We left Baan Tha Klang early this morning to make our way back to Bangkok. The program is over for me. The week is up. Oddly, it feels like culture shock to return to the city during Songkran. The festivities continue. Today is the last day. The way the holiday plays out in the tiny village compared to Bangkok is worlds apart. Streets are closed. The Black Eyed Peas are blaring from every amp stack on every corner.
Khao San Road is Thai’s Bourbon Street during Mardi Gras. There is no way to move forward. You are a sitting target for sprays of water and clay smeared on your face. My hotel is right in the middle of the action (that’s good and bad). It was a struggle to get to the hotel with the bag and not get a little pissy when people are dumping water on you and everything you possess for the trip. I got there without any damage and so now I’m enjoying the party a bit more.
I settled into the room and said goodbye to a fellow volunteer. So sad. I decided to try to relax some after the eight hour bus ride to the city and the stressful drenching I received trying to get to the hotel by scheduling a Thai massage. Well that did the trick! I still have one problem. I’m hungry. Do I dare enter the mayhem again? The crowds seem to be growing as the night rolls in. How is that even possible?! I have a feeling I’ll venture out. And once I’m in it, all will be good.
We are here for Songkran entirely by accident. It’s the Thai New Year April 13-15. The holiday is a water festival celebrated as the dry, hot season is ending and the rainy season will begin. It’s ritually a time for cleaning and renewal. Thais will bathe images of Buddha and give the house a good cleansing. Water is meant to ‘wash the bad away’.
So, what does this mean for the westerner… It means you get drenched… Everyday, wherever you go. People stand on the side of the road as if waiting for a parade to start. Thai children have barrels of water with bowls for throwing it like American children set up lemonade stands. The vehicle is stopped in the street and not allowed to pass until there’s been a proper soaking. The only way for us to participate is to fight back, so armed with the water guns purchased at the Big C at the beginning of the week and an arsenal of drums filled with water, we started out. Basically, you drive around and try to fire before fired upon. No one wins. Or maybe everyone wins, but no one is dry. That’s for sure.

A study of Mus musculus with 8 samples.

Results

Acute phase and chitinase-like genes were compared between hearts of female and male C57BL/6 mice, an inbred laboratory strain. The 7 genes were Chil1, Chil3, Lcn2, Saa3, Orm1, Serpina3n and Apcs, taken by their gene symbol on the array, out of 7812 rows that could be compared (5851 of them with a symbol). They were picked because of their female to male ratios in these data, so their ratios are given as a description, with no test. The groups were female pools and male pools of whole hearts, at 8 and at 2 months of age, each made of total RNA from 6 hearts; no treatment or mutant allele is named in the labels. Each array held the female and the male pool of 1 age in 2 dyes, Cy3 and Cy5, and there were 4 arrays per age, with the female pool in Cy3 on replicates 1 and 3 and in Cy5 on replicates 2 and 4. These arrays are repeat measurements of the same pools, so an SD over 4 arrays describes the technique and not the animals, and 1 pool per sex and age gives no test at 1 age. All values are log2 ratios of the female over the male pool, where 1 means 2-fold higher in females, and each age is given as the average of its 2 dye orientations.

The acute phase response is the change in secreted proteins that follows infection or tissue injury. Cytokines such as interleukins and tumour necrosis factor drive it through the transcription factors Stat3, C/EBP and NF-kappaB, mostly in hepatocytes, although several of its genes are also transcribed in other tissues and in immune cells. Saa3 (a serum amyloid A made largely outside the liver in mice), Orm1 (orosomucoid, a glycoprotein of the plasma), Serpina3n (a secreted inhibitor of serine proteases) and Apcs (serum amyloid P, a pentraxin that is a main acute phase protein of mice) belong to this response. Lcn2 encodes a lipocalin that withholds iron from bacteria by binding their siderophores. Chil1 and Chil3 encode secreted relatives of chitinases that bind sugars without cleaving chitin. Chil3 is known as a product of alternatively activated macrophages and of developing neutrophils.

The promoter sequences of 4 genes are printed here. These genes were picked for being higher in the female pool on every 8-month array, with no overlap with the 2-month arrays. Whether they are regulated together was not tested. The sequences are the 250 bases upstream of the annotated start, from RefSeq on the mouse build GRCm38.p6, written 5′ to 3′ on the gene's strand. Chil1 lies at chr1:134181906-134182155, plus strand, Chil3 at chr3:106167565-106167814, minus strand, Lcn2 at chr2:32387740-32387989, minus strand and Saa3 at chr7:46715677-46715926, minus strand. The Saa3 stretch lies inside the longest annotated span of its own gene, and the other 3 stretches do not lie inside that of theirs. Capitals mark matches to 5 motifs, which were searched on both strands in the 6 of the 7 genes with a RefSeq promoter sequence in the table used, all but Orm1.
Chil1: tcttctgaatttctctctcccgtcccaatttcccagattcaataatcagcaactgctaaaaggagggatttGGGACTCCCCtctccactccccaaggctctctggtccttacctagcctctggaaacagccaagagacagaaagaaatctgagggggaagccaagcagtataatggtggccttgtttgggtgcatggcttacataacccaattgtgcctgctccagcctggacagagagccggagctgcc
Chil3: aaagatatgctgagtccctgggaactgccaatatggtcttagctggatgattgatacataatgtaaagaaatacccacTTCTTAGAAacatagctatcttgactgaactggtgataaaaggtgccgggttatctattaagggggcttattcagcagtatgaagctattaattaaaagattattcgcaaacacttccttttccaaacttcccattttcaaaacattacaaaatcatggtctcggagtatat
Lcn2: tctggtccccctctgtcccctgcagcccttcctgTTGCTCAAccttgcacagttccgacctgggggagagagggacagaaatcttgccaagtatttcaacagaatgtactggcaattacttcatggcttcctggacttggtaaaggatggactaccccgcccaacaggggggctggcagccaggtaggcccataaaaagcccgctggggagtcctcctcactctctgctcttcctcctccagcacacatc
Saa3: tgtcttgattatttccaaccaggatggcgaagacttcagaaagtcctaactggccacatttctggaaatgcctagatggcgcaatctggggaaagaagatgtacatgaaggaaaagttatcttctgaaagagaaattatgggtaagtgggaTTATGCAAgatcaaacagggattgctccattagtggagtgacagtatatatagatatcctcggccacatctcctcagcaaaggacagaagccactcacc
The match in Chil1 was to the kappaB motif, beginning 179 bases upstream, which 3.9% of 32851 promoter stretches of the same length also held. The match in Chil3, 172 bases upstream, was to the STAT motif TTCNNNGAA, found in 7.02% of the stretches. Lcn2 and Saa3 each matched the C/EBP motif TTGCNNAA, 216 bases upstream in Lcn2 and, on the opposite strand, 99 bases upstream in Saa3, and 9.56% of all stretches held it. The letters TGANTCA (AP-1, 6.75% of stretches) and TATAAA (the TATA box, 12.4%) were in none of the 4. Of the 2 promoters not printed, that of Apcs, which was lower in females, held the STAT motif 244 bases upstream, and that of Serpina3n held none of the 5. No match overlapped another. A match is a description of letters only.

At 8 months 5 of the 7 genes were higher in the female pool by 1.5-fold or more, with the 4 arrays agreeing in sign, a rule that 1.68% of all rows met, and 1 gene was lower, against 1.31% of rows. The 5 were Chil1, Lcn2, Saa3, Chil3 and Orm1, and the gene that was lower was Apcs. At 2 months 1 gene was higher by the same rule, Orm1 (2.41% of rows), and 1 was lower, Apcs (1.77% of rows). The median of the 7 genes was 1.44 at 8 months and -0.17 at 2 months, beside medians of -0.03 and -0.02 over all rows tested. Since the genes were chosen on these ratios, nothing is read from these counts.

It’s my first day here. No more airports (for the time being). No more travel purgatory, that in between place after you’ve started the journey, but before the destination is reached. I know the ‘getting there is half the fun’ thing, but 24 hours of economy seating and fluorescent hallways is not going to be the highlight of THIS journey. Although I will say that meeting Bobby and Stuart (my new Scots friends) made that part of it far more tolerable.
It took a while to get me out of the hotel room. I decided I was going to start the day at the Chiang Mai Zoo. I thought this would be an easy day given the inevitable jet lag. I have no jet lag. I don’t know why. I am a biological wonder, I guess. Whatever, I’ll take it. I wish I could say I’m fearless. I am not. So, fear kept me in. Not for long, though. I procrastinated for less than an hour. Glad to get that behind me. Now, on with the day!
I figured out how to get to the zoo. I had read that this a pretty good zoo, as far as zoos go. My opinion of zoos has changed over the years. When I was younger I was skeptical of zoos (not as a child… What child doesn’t love the zoo.). I thought they were cruel. That animals should be in their natural habitat and who are we to cage these animals for our own enjoyment. Later, I went on to receive a bachelor degree in biology concentrating on wildlife conservation. I know now that zoos can be a place to help save those animals in danger of low population numbers, threatened by loss of habitat or physical danger of poaching, etc. Zoos, if well maintained and funded, can be a place of education for the public and aid in the genetic research for mating programs to keep a species sustainable. With this in mind I wanted to check this zoo out. I had heard about their feature exhibit – the Giant Pandas. They currently (and only for a couple more months) have the result of a successful mating program involving Chuang Chuang, the male, and Lin-Hui, the female. Lin-Ping was born almost three years ago and lives in the habitat next to her mother. I could have spent hours at this exhibit. There was only a small group of us (maybe because it was 10am on a Wednesday) and the animals were active! It was amazing to watch them eat, play… Do whatever Pandas do. This is absolutely the exhibit that is the draw here and it pleases me that they are using it to better the species. Overall, the zoo is great; well laid out, fairly well marked, clean, improvements going on. I know this sounds like an odd review of a zoo, but part of me is still skeptical and a zoo needs to prove their intentions to me. I only made it through half if it..it’s pretty big, but I hit the highlights and attractions I tend towards. The big cats, mainly.
A little lunch and on to the National Museum.